Okay, sure. I guess those are pretty good items to get. You know, if you’re into that kind of thing. But what have I been offered?
Crafting supplies! Which, as we all know, is way cooler.
Seriously, when the folks from StencilRevolution.com got in touch with me a couple of months ago and asked if I’d like to try some free stencils, I was really excited! Surfing their website made the creative side of my brain light up like crazy. After a couple of minutes, I had ideas for all kinds of ways to put these stencils to work in my craft projects – starting with a charity quilt.
Not long ago, someone from my local quilt guild asked the membership to donate quilts to an auction for the Wildland Firefighters Foundation, an organization that provides immediate financial and crisis assistance to families of fallen and injured wildland firefighters. My guild sister said that outdoorsy themed items had gone well in the past. The second I saw the “Adventure Awaits” stencil, I knew it would be perfect focal point for a quilted wall hanging.
The Adventure Begins
The first step in making my quilt was placing the 18 x 12 inch “Adventure Awaits” stencil onto a piece of plain muslin. Using a small sponge and different colors of ink (All Purpose Ink is available here), I transferred the stencil image onto the fabric.
Because I simply laid the stencil onto the muslin, there was a little “bleeding” of the ink along the edges. Next time, I’m going to try using a spray adhesive – the same kind I use for quilting basting – on the back of the stencil. However, by being careful not to apply too much ink to the sponge I was still able to get a good result.
After transferring the image, I used a paintbrush to add a bit of snow to the top of the mountains.
Next, I started searching through my stash for fabrics to complete the project. Luckily, I had absolutely everything I needed!
A beautiful dark blue with little bubbles and whorls was perfect for my stream. I found a mottled light blue for my sky, a piece with some wonderful waves of green that were just right for a grassy field, and some bright green on green stripe for the pine trees.
(This is why it is important to have a large and varied fabric stash! I explained this to my husband. Several times. He is still not convinced.)
Before you ask, there was no pattern here. I just made it up as I went along. Improvisational quilts are such fun to make! These days, probably three quarters of the quilting projects I make are of my own design and I really enjoy it. Even when it is something as simple as this little wall hanging, there’s something incredibly satisfying about making a piece that is totally original. If you haven’t tried it before, you really should!
Some people find working without pattern daunting at first but really, why should it be? The worst thing that could happen is that you’ll wreck a little fabric or perhaps make an ugly quilt. (Hey, I’ve made a few ugly quilts even with a pattern.) But you might end up making something really cute, or fun, or even beautiful, something that’s all yours, something you can feel proud of. Give it a try!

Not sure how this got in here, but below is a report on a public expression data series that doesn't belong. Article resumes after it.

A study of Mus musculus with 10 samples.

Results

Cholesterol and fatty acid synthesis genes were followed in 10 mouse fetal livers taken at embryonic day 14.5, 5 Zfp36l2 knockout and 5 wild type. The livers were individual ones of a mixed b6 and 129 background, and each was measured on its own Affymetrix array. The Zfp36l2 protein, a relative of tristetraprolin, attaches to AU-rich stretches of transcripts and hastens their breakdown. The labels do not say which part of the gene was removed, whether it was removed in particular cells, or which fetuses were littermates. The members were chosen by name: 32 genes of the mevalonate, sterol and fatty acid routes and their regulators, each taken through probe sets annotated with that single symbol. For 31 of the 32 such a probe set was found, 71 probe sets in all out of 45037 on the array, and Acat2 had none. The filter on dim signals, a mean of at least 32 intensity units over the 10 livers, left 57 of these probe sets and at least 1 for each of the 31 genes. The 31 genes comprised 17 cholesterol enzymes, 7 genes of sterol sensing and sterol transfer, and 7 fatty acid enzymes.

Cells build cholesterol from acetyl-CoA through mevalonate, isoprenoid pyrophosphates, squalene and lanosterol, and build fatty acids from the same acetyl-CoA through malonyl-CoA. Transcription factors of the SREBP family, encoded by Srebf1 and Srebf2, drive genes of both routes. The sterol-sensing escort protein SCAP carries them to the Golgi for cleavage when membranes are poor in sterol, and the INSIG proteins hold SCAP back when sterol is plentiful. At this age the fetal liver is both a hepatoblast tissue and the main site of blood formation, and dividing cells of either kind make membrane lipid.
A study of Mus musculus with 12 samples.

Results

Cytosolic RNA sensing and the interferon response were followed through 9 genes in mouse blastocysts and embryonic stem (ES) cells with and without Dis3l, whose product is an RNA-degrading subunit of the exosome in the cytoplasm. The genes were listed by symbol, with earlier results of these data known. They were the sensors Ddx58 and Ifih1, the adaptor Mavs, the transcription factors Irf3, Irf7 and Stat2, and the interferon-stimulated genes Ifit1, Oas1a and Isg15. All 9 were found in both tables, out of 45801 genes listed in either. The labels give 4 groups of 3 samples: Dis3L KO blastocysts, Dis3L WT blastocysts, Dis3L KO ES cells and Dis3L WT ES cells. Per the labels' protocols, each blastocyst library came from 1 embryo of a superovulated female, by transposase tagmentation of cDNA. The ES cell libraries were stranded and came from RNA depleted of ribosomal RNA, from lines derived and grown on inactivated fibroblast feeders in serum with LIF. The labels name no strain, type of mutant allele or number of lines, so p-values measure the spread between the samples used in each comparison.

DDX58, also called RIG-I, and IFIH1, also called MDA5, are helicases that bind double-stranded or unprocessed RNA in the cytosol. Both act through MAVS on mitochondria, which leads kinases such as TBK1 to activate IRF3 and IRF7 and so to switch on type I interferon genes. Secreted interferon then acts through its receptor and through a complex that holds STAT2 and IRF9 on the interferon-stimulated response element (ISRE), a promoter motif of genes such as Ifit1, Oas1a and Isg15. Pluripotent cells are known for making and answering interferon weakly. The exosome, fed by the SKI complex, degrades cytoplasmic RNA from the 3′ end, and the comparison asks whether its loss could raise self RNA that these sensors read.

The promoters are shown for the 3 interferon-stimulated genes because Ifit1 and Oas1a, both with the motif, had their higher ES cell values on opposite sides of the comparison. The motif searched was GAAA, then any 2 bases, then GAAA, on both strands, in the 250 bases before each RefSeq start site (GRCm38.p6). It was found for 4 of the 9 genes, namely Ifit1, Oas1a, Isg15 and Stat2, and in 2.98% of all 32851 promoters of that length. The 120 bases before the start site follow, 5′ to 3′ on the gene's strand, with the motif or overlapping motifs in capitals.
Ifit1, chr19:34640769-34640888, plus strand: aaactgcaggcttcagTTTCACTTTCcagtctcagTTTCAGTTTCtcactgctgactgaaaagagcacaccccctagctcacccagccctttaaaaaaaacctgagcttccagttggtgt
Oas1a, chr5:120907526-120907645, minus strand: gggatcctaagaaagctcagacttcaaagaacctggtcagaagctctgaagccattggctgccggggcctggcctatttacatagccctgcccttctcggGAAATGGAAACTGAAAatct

The Adventure Continues
Anyway, back to my cute little quilt…Once I had the stencil section completed, I simply added light blue “sky” strips on the left and right sides of the quilt, another “sky” strip to the top edge, and a green “grass” section on the bottom.
Next, I cut out several green triangle shapes for my trees, some little brown rectangles for the tree trunks. I used MistyFuse and a hot iron to adhere them to the fabric. I used chalk to draw a meandering stream on a strip of blue fabric, then ironed it to the grassy section, again using MistyFuse.
When all my appliques were in place, I stitched the edges on my sewing machine with a tight zigzag. The curves of the stream were quite gentle, so I didn’t lower the feed dogs on my machine. By going slowly and guiding the fabric carefully, I was able to sew smooth, even curves. After adding my trees and stream, my little quilt was looking pretty good! But the top looked a little bare to me. I added two trapunto clouds to give the piece a little added dimension.
If you’ve never heard of it, trapunto is a technique whereby a little extra stuffing or batting is added to a quilt to make it puff out a bit. Perfect for clouds, right? And it was very easy to do. I cut a couple of slits into the base fabric in the back, being careful not to cut the appliquéd clouds, and then stuffed in a bit of cotton. The batting and backing covered up the slits, so I didn’t even bother stitching them closed. Such a simple technique but it made a big difference.
Wrapping up the Adventure
Finally, I added the batting and backing to the quilt, did a single line of echo quilting around the trees, stream, and clouds, bound it with brown fabric, and stitched a hanging sleeve onto the back.
That was it!
I only put four or five hours into this quilt but it but such fun to make. Hopefully, this cute little quilt will catch someone’s eye at the Wildwood Firefighters Foundation auction. I’m proud to raise money for this very worthy cause.
Using the stencil couldn’t have been easier and it gave me a chance to create something unique. I’m excited about finding other ways to use stencils in my future projects!